Saudi journalist: Systematic oppression of Jews damaged host Arab countries

by WorldTribune Staff, April 24, 2018

The oppression and forced emigration of Jews resulted in a major loss to the “Arab economy and society,” a Saudi journalist wrote.

Jews living in “the Mashriq,” the eastern part of the Arab world, were systematically oppressed, had their property confiscated and were forced to leave despite being “pillars of the economy and of culture and art,” journalist Hussein Shubakshi wrote in a column for the London-based Saudi daily Al-Sharq Al-Awsat.

Shubakshi asserted that Jewish emigration from Arab countries constituted a loss to “the Arab economy and to Arab society, which failed to be tolerant and became an emblem of exclusion.”

In the column, which was reported by The Middle East Research Institute (MEMRI), Shubakshi wrote: “There is a topic that does not get enough attention, and I know in advance that it will evoke harsh and emotional responses. That topic is the rights of the Jews of who lived in the Mashriq. Naturally, the immediate sarcastic response will be: ‘Shouldn’t the [Arab] citizens be granted rights in their countries before we burden them with [worrying about] others?’ The thing is that the phenomenon of discrimination in rights is a problem in itself.

“The Jews I am talking about were part of homogeneous Arab communities. They were [ordinary] citizens, until their oppression began, manifested in doubting their loyalty, accusing them of treason and pressuring them to leave. When the pressure did not produce results, their property was simply seized. [All] this was done to others as well, but the Jews were a regular target for accusations of treason and suspicions of disloyalty, even though they were pillars of the economy and of culture and art in the countries where they lived.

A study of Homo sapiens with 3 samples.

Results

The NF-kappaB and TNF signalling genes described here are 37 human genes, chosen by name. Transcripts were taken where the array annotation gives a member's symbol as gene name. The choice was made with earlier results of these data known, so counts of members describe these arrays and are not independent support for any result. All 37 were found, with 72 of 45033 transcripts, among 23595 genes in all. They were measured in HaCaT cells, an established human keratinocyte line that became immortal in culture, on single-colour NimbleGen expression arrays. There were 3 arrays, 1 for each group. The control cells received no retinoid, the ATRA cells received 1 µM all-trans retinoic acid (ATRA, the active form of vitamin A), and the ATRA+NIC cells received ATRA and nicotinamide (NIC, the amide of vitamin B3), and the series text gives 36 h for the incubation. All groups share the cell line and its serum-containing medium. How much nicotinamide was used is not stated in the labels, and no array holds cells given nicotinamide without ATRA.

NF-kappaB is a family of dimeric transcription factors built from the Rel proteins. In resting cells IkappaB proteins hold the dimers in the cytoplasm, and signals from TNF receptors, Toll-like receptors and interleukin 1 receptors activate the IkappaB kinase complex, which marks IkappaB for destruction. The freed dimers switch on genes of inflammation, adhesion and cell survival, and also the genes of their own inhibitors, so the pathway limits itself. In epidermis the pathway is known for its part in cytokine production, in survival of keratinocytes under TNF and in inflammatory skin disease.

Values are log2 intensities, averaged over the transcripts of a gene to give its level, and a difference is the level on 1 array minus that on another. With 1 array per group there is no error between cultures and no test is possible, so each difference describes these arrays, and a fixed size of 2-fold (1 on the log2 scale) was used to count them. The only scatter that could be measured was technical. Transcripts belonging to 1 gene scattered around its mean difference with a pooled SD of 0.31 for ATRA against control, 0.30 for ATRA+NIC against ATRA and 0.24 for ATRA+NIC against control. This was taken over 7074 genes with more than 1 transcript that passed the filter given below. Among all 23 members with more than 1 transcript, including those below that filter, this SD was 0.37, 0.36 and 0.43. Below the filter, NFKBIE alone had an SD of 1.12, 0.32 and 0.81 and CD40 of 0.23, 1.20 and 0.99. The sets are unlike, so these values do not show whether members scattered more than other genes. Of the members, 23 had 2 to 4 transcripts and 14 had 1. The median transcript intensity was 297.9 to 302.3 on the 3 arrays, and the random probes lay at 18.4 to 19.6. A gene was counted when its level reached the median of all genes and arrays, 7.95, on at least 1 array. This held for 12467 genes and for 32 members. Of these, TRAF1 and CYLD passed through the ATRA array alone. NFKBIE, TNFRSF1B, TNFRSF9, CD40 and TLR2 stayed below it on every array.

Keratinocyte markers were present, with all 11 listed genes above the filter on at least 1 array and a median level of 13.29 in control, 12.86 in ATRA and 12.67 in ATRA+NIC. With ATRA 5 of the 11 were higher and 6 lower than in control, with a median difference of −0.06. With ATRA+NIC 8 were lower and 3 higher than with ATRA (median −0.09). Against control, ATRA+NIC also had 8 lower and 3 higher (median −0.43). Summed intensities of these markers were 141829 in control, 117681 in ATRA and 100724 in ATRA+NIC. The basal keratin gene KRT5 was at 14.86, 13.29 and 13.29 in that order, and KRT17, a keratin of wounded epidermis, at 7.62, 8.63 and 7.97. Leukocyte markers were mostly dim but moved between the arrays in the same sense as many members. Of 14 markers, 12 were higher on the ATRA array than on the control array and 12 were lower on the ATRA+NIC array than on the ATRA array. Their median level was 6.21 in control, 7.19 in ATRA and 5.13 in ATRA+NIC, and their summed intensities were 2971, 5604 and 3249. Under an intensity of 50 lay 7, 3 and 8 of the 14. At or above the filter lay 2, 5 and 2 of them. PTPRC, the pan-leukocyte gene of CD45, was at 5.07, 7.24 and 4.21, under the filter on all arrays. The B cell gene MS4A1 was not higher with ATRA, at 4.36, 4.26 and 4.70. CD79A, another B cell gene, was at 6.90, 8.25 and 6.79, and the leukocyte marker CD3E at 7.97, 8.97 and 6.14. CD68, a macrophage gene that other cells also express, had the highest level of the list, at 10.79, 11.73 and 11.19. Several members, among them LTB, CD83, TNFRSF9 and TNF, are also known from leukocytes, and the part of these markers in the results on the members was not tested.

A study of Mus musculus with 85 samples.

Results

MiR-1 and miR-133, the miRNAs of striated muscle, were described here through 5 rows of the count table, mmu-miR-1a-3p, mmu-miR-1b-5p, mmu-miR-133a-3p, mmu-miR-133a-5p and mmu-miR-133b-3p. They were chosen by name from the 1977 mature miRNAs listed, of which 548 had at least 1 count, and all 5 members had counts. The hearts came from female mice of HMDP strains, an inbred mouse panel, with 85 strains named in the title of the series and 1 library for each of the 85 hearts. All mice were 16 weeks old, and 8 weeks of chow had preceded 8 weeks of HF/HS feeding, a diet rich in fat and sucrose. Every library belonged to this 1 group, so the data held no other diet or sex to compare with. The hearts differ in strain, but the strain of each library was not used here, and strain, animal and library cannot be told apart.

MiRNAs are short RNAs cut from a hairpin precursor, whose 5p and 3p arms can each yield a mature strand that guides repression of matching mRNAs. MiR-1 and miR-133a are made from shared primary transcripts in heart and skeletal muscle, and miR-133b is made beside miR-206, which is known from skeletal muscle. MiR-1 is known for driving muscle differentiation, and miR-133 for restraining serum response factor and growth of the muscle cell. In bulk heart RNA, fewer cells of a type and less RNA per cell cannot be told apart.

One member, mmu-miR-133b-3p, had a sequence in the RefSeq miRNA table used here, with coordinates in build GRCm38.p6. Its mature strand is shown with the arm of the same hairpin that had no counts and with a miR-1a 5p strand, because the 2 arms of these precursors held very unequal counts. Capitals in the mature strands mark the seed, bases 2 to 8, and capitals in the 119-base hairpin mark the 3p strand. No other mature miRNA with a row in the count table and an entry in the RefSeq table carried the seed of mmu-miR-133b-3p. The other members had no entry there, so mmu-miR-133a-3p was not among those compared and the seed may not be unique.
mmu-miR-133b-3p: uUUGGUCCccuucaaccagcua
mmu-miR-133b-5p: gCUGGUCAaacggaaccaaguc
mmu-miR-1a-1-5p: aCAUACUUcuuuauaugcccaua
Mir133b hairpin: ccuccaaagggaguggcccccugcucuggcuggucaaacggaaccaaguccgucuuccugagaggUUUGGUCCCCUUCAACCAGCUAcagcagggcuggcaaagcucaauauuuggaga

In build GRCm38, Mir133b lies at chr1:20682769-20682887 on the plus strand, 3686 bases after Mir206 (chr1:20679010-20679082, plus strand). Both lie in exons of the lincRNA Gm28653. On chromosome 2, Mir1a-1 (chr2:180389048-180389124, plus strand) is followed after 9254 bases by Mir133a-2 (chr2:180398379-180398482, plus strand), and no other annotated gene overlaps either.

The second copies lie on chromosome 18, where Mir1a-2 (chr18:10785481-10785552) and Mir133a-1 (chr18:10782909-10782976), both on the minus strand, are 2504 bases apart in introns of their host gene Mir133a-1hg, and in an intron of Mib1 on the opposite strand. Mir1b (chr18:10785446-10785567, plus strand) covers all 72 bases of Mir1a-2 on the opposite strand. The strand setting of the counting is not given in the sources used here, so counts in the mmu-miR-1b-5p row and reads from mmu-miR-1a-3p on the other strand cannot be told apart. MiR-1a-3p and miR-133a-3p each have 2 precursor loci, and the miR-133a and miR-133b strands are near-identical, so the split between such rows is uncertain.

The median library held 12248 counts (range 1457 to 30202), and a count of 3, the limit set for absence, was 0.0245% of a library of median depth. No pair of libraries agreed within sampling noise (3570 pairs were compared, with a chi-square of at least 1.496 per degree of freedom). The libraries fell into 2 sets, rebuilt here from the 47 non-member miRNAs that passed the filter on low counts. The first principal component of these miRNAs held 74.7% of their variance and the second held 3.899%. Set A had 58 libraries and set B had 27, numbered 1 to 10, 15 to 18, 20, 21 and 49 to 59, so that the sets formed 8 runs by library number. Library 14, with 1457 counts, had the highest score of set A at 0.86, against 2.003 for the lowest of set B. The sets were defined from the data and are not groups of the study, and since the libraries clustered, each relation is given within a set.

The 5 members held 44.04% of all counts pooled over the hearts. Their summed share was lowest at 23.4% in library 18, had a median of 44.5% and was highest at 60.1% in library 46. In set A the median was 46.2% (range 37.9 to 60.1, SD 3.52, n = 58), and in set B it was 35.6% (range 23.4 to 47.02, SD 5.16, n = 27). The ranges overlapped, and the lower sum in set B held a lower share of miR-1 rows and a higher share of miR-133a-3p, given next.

“I remember an incident that happened to me… My daughter was about to have a delicate operation in the U.S. to remove a malignant tumor. I was attending Friday prayers in Jeddah when [the preacher] started… cursing the Jews and the Christians. I objected to this, saying: ‘Am I supposed to curse the Jew who is about to operate on my daughter? (The surgeon happened to be Jewish). Why should I curse someone who has never done me any harm? On the contrary, I wish him every success.’ I started recalling encounters I had had with Jews in the Arab world, from all walks of life. For example, I remembered Serge Berdugo, who served as culture minister in Morocco in 1993-1996, and who told me: ‘We Moroccan [Jews] have full civil rights.’ [I also recalled] my meeting in Bahrain with Rouben, the owner of the famous electronics shop near Bab Al-Bahrain [in the center of Manama], who told me that Bahrain respects the rights of the Jews who live there.

“[But], in contrast to these examples, there are also tragic stories about the denial of rights, about racist and degrading treatment and about the forceful seizing of property from innocent Jews. Such examples are known from countries like Iraq, Libya, Algeria, Sudan, Tunisia and Yemen. The Kadoorie family, [for instance], left Iraq for Hong Kong, where it founded [Hong Kong’s] oldest hotel, the Peninsula… Another [Jewish] family that left Iraq was the Saatchi family, which settled in Britain and founded the Saatchi advertising agency. The Safra family left Syria for Brazil, where it founded a financial empire, and the Cicurel family, which owns huge department stores, came from Egypt. All the families presented [here] as examples were lost to the Arab economy and to the Arab society, which failed to be tolerant and became an emblem of exclusion.”

Shubakshi concluded by comparing the poor treatment of Jews in Arab countries to Israel’s alleged “depraved” treatment of “the Palestinians,” asserting that “The depraved crime perpetrated by Israel against the Palestinians does not give us the right to do the same to citizens [of Arab countries] that have nothing in common with Israel apart from their Jewish faith.”